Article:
The High Court has granted family members of bankrupt businessman Seán Dunne a temporary injunction preventing him from selling or dissipating the proceeds of sale of two valuable properties located in Co Kildare.
The court heard that the properties had been assigned to or put in trust for Mr Dunne’s children, but it is alleged that he is attempting to sell the properties for the bankrupt developer’s own benefit.
The action has been taken by John Dunne, the businessman's son from his first marriage, along with Seán Dunne's four sons, who are all minors, with Gayle Killilea, who is Seán Dunne's second and now former wife.
The four minors are suing through Ms Killilea. Amrabko unlimited Company, a firm of which Ms Killilea is a director, that has to date spent €577,000 on a house being built at one of the properties, is also an applicant in the proceedings.
The injunction restrains Traviata Ltd, Seán Dunne and Bessilton Holdings Ltd from selling or disposing of the legal and beneficial interests in properties located at 9A and 19 Churchfields, Straffan, Co Kildare, located near the K Club resort.
If any of the properties have already been sold the order also prevents the defendants from dealing with the proceeds of that sale pending the outcome of the full hearing of the action.
The court heard that Traviata is an Isle of Man-registered company, fully owned by the SD trust. It is alleged that Seán Dunne is the settlor of the trust which is allegedly for the benefit Mr Dunne’s children.
The third defendant, Bessilton, is the alleged registered and legal owner of the two properties, but is not the beneficial owner.
At the High Court on Friday evening Ross Gorman, instructed by solicitor Graham Kenny for the plaintiffs, said that the case had a complex background.
Counsel said the properties in 2004 following the settlement of legal dispute between Seán Dunne and Bessilton, one of the properties was to be transferred to John Dunne.
John Dunne, it is claimed, obtained planning permission for the site and counsel said that Seán Dunne made it clear that the site was for John Dunne.
Nothing happened with that site for many years, counsel said.
Eventually, works were commenced on the site John Dunne claims is his by Amrabko, which had expended considerable amount of cash on the project.
It was envisaged that when completed the property would be sold and that Amrabko would be paid from the proceeds of that sale.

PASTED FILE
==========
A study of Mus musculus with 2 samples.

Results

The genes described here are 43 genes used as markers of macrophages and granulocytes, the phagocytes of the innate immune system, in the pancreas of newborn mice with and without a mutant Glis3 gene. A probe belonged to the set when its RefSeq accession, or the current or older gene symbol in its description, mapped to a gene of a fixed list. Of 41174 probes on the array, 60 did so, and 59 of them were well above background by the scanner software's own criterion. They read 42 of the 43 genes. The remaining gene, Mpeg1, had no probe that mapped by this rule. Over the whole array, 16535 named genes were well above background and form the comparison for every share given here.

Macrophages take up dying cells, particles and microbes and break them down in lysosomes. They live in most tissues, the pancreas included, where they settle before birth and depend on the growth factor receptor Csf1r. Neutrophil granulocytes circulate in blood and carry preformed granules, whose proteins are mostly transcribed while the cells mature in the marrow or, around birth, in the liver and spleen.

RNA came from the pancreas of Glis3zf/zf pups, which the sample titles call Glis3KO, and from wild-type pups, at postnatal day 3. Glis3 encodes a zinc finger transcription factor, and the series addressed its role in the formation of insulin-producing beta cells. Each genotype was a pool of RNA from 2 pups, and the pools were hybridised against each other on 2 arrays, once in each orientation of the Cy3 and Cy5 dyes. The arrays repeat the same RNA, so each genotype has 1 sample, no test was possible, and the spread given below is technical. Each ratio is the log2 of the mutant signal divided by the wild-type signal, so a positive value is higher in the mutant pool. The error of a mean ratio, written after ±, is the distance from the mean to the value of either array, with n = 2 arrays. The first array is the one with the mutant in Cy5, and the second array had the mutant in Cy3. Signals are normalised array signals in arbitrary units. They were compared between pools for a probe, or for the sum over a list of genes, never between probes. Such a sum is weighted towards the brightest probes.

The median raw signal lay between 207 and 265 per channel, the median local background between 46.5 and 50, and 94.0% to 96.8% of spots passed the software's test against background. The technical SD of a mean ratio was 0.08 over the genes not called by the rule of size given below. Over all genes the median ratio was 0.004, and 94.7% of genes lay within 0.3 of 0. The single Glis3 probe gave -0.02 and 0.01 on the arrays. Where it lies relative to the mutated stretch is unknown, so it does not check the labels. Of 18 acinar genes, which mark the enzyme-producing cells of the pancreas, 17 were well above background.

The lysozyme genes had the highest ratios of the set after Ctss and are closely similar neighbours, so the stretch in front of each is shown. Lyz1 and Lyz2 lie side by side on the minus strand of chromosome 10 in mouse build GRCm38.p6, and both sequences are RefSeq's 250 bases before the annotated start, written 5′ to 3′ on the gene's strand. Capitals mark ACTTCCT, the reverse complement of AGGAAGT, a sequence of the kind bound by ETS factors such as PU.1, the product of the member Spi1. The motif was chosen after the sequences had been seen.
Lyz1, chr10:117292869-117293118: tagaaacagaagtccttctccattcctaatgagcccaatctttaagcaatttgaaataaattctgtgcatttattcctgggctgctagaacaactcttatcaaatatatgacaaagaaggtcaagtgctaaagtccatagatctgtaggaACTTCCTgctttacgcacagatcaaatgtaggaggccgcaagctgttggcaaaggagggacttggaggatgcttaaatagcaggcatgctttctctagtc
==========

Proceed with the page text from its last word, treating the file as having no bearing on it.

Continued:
John Dunne claims that his father and the first named defendant were aware of that project, and at no stage suggested that there was a problem.
Counsel said that the second site was held in the name of Traviata for the benefit of the children from both of Seán Dunne’s marriages.
Counsel said that in recent weeks his clients became aware that the properties had been put up for sale, but not in the usual way.
No estate agent has been used, counsel said, and the properties were not advertised on the internet. Ms Killilea discovered they were up for sale from a potential purchaser, counsel said.
It is understood that one property has been sold for €1 million, which counsel said was amounted to a gross undervaluation of the property.
Another property in Churchfields was recently sold for €2.9 million, counsel said.
In the circumstances, counsel said his clients believe that the properties are not being sold for the beneficiaries, but rather for the benefit of Seán Dunne.
Undertakings not to sell the properties were sought from Traviata, counsel said, but were not forthcoming.
Counsel said his clients fear the properties will be sold unless restrained by the court.
As Seán Dunne is a bankrupt the Official Assignee (OA) in Bankruptcy was made a notice party to the application. No allegations of wrong doing were made against the OA, Mr Gorman said.
Edward Farrelly SC for the OA said his client was supporting the application for the temporary injunction, but was reserving its position regarding the case going forward.
Mr Justice Tony O’Connor said he was satisfied to grant the temporary injunction, on an ex-parte basis.
The judge stressed that the court had only heard one side of the dispute and had not made any findings of fact.
The court also granted the plaintiffs permission to serve Seán Dunne at his address at Ascot in Surrey, England.
The judge adjourned the matter for a week, but gave parties liberty to apply to have the matter return before the court at 24 hours’ notice.